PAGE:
The Securities and Exchange Commission is investigating the circumstances around Eastman Kodak Co. ’s announcement of a $765 million government loan to make drugs at its U.S. factories, according to people familiar with the matter.
News of the loan last week caused Kodak’s shares to rise as high as $60, before falling to about $15 on Monday due to a dilution in the shares. Amid the heightened volatility, trading volume has surged. The price spike briefly produced a potential windfall for company executives who owned stock-option grants, some of which were granted on July 27, the day before the loan was officially announced.
The SEC’s investigation is at an early stage and might not produce allegations of wrongdoing by the company or any individuals, the people familiar with the matter said. Among the areas being probed by regulators: how Kodak controlled disclosure of the loan, word of which began to emerge on July 27, causing Kodak’s stock price to rise 25% that day.
The Wall Street Journal reported last week that Kodak had shared information about an agreement between the company and the Trump administration with media outlets before the public announcement. Some media companies then published that information before deleting it following a request from the company.
A Kodak spokeswoman on Tuesday said the company isn’t aware of the investigation and would cooperate with any inquiries. An SEC spokesperson declined to comment.
At a White House briefing Tuesday night, President Trump distanced himself from the Kodak deal, saying he wasn’t involved.
“The concept of the deal was good, but I’ll let you know. We’ll do a little study on that … If there is any problem, we’ll let you know about it very quickly. But I wasn’t involved in it. It’s a big deal. It’s a way of bringing back a great area, too, in addition to pharmaceuticals. Kodak has been a great name but obviously pretty much in a different business. So we’ll see what that’s all about.”
SEC rules require public companies to have policies and systems in place to ensure accurate and timely disclosure of material events. Kodak has said the loan details aren’t finalized and that there is no guarantee one will be made.
The Kodak Loan
- Kodak Shifts Into Drug Production With Help of $765 Million U.S. Loan (July 28)
- Tweets and Articles Sent Kodak Shares Surging Before Official Announcement (July 29)
Television stations in Kodak’s hometown of Rochester, N.Y., published stories on July 27 after Kodak sent an advisory to media companies about the initiative. In one article, a Kodak spokesperson was quoted saying the initiative “could change the course of history for Rochester and the American people.”
Kodak’s advisory didn’t restrict media outlets from immediately disseminating the news, an executive at a local ABC affiliate told the Journal.
A copy viewed by the Journal included no embargo time.
The Kodak spokeswoman said the company’s internal communications team “did not intend for the news to be published by the outlet in question.”
The SEC is also expected to examine the stock options granted to executives on July 27, the people said. The option grants instantly became profitable, at least on paper, after Kodak’s loan became public.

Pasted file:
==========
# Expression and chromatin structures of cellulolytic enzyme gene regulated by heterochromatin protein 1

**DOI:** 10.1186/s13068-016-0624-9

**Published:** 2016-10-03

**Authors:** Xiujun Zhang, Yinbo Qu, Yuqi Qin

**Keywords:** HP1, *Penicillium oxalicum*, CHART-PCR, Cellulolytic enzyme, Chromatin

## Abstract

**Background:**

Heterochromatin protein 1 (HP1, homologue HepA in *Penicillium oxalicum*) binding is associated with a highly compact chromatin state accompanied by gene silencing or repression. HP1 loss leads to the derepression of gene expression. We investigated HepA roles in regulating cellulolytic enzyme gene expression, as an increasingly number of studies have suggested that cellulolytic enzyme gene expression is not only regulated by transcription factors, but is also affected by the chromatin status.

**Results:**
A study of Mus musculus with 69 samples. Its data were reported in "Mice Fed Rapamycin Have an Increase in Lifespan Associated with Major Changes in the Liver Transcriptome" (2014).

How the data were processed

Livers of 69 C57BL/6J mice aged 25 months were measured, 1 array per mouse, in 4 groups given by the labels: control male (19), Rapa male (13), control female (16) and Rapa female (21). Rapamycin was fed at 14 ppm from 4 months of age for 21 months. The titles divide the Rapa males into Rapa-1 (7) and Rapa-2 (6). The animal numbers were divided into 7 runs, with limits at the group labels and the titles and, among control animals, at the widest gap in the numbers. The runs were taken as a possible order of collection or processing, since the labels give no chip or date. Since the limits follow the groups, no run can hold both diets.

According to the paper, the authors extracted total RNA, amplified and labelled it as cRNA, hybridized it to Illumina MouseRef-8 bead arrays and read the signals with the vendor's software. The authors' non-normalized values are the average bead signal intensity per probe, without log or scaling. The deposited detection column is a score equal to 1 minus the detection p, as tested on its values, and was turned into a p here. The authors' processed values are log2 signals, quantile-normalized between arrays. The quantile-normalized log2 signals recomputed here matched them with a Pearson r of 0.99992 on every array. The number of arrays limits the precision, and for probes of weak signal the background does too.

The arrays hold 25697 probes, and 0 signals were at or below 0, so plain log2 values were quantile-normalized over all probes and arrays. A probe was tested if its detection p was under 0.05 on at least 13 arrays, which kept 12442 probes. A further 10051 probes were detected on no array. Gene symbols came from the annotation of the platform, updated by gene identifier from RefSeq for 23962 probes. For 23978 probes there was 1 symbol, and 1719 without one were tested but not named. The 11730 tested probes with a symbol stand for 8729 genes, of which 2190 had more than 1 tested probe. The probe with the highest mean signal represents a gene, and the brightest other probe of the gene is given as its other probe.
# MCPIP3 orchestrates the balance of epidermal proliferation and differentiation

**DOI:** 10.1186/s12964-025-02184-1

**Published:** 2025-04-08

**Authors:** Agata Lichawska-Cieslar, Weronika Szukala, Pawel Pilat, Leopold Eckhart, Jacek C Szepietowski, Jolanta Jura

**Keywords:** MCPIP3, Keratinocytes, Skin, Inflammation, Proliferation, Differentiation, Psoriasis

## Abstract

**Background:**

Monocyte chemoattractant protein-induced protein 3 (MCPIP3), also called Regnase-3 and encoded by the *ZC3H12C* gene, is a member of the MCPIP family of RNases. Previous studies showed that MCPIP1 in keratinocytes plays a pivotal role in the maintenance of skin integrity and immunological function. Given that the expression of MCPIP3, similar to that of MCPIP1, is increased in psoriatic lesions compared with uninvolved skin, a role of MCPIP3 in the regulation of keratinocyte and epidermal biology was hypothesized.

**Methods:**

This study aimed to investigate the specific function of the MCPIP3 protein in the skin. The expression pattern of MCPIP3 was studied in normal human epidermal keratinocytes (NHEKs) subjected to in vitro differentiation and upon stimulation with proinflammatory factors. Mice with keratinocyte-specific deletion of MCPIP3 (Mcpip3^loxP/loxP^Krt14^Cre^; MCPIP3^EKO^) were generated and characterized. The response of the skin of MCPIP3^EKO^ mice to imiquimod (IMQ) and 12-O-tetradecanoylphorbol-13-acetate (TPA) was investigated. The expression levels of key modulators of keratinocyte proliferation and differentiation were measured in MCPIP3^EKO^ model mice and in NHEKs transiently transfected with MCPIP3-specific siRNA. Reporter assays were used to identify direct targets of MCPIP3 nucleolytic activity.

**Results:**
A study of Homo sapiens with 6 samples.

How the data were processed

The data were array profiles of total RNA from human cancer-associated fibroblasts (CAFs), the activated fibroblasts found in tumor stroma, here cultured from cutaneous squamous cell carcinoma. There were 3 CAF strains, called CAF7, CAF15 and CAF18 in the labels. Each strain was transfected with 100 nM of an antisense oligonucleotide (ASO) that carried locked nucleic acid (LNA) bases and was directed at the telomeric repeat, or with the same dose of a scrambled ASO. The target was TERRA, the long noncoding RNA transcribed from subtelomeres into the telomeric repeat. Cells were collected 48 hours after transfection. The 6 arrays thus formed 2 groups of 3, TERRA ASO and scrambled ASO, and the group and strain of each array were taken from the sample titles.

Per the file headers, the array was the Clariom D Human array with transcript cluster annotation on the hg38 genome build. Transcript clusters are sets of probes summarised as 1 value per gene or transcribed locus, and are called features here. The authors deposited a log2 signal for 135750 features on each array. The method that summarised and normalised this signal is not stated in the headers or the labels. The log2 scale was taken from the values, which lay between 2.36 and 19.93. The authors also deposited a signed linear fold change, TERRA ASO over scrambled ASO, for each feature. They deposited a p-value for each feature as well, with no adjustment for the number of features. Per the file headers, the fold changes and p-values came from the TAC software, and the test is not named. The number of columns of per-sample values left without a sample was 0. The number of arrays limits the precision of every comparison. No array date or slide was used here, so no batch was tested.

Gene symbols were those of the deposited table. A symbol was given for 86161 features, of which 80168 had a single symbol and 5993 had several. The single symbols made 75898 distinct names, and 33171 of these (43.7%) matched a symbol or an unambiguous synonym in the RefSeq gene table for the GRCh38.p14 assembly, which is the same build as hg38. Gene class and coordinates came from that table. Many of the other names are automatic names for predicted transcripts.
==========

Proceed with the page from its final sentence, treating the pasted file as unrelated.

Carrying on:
On Monday, Sen. Elizabeth Warren (D., Mass.) asked the SEC to probe whether any illicit trading occurred before the loan announcement. In a letter to SEC Chairman Jay Clayton, Ms. Warren wrote she was concerned about stock purchases by Kodak directors last month, “at a time when Kodak and the Trump administration were negotiating the deal in secret.”
Kodak shares closed at $2.62 on July 27, the day it issued the new options, and soared to as high as $60 two days later, according to FactSet. On Tuesday, the shares fell 3.6% to $14.40.
At recent prices, options on 1.75 million shares granted to Kodak Executive Chairman Jim Continenza the day before the announcement are worth about $16 million. A little more than a quarter of those options vested, or became fully exercisable, the day of the grant. The remainder vest only to the extent that $100 million in convertible notes issued by Kodak last year are turned into shares by investors. On Monday, Kodak said investors had converted $95 million of the notes, but that it would pay accumulated interest in cash.
Kodak has said Mr. Continenza’s potential gains haven’t been realized and that the executive chairman, Kodak’s biggest individual shareholder, hasn’t ever sold shares of company stock and has no intention of doing so. As of late March, Mr. Continenza owned 5.8% of Kodak’s shares.
As of midday Tuesday, no senior executives or board members have disclosed sales of Kodak shares in the past week.
“Mr. Continenza has invested more capital in Kodak than he has earned during his tenure,” the Kodak spokeswoman said in a statement Tuesday.
The company has said the July 27 option grant was intended to protect Mr. Continenza against dilution, which would lower the value of his and other outstanding equity holdings in the event that investors converted debt into stock. The company has said it gave him the options that day because it was the first meeting of the board’s compensation committee after the company received shareholder approval to use more shares for executive compensation.
Mr. Continenza has said publicly that the loan announcement was in the works for about two months. He and Phillippe Katz, a board member who is also a partner or owner of several investment firms that are significant Kodak shareholders, made purchases of Kodak shares during that time period, securities disclosures show.
For both men, the purchases were similar in size or smaller than prior purchases this spring and during the second half of last year, securities disclosures show.
—Geoffrey Rogow, Rachael Levy and Alex Leary contributed to this article.